Yesterday I introduced a project to the teen class that focused strictly on drawing the eye. It was a nice tie in for Valentine's Day, which is just around the corner, and had an interesting art history story.
In the 18th and early 19th century, wealthy European lovers exchanged painted eye miniatures. This fad was supposedly ignited by King George IV when he had his eye painted, placed in a locket and sent to his love, a twice widowed Catholic woman he could not legally marry by law at that time, in place of an engagement ring. This gift convinced her to marry the Prince in secret and set off a frenzy of lovers exchanging eye jewelry that they could wear publicly without others knowing the identity of their true love...because affairs were common since most marriages were not based on romantic love at this time.
Hence coining the modern day term of these works being referred to as "Lover's Eyes".
I am completely smitten with these works of art. I shared them with the teen class last night, who were also quite intrigued by the story and the artwork, which has to be the ultimate two thumbs up for an old lady like me.
The Salon website has a great detailed article on these if you are interested in learning more about eye miniatures.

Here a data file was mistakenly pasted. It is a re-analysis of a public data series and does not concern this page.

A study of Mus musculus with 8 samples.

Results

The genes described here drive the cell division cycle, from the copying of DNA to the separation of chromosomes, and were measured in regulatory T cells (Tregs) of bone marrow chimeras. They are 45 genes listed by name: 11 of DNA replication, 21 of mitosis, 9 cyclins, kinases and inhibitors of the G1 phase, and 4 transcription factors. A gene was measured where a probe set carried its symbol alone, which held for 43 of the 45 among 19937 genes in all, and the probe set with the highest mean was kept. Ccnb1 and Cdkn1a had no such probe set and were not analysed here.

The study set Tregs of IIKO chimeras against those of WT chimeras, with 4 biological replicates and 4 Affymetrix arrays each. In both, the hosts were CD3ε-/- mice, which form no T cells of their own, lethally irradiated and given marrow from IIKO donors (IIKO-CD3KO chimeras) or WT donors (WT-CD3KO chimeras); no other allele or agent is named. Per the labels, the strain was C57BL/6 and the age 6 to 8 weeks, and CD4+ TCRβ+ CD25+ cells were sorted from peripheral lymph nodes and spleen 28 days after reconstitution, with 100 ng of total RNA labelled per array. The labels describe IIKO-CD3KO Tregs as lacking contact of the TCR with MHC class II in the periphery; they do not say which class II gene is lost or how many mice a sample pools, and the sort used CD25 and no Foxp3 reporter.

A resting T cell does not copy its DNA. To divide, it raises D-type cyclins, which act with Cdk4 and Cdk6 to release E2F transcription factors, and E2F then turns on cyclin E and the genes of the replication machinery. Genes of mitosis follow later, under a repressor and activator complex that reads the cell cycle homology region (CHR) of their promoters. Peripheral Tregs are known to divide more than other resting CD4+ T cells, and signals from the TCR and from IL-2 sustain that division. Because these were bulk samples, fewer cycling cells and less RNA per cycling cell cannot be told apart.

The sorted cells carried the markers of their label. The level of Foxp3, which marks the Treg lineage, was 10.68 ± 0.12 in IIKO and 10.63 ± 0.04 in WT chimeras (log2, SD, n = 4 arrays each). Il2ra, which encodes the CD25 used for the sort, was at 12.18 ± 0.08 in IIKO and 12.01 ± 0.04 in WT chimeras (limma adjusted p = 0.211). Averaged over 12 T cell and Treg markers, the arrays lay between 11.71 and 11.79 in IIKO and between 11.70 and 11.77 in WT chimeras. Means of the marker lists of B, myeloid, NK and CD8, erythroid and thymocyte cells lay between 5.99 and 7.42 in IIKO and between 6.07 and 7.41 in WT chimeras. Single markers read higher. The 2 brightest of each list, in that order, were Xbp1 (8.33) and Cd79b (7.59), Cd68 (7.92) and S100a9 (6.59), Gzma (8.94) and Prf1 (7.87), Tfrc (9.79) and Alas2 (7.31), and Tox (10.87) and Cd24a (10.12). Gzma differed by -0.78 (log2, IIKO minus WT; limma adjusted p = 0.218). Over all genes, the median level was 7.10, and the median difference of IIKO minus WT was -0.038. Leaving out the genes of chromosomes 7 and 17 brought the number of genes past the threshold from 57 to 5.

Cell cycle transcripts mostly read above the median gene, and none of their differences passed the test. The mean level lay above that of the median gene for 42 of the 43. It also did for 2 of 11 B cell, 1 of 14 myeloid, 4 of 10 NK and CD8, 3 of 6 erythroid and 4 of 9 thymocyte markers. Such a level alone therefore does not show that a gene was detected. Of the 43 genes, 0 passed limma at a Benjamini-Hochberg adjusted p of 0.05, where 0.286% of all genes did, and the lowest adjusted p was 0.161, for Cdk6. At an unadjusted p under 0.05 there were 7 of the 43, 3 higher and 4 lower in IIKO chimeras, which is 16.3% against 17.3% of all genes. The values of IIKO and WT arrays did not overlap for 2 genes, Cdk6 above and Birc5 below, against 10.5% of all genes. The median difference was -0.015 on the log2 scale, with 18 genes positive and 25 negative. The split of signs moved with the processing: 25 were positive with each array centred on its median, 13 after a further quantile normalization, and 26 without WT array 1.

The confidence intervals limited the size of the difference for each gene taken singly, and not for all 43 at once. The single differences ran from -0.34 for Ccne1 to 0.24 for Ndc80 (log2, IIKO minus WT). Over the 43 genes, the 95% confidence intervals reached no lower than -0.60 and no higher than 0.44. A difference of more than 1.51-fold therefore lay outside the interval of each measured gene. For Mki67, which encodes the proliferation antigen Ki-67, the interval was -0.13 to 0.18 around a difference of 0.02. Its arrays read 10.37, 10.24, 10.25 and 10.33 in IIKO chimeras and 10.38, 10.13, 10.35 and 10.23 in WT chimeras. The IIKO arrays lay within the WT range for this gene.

Anyhow the girls giggled at the thought of giving their eyes to a boy, so we settled on maybe these being a gift to their parents as a symbol of their love. Whether they give these to anyone is a mute point because they all thought the idea of creating an eye was "cool".
I gave the students several options to use in creating their eyes and one settled on using Prisma pencil and the other on watercolor pencil.
13 year old, watercolor pencil
Using a mirror to study their own eyes, they began to create their works of art. Here is the one work finished last night, the other is still in progress. This was a great opportunity to really study and learn how to draw an eye, paying attention to shadow and light, the eye lid, and nuances of the pupil.
The girls truly seemed to enjoy this project and it seemed to really resonate with each of them and inspired them creatively.
And I just fell further in love with artwork focused strictly on the eye looking at their finished creations.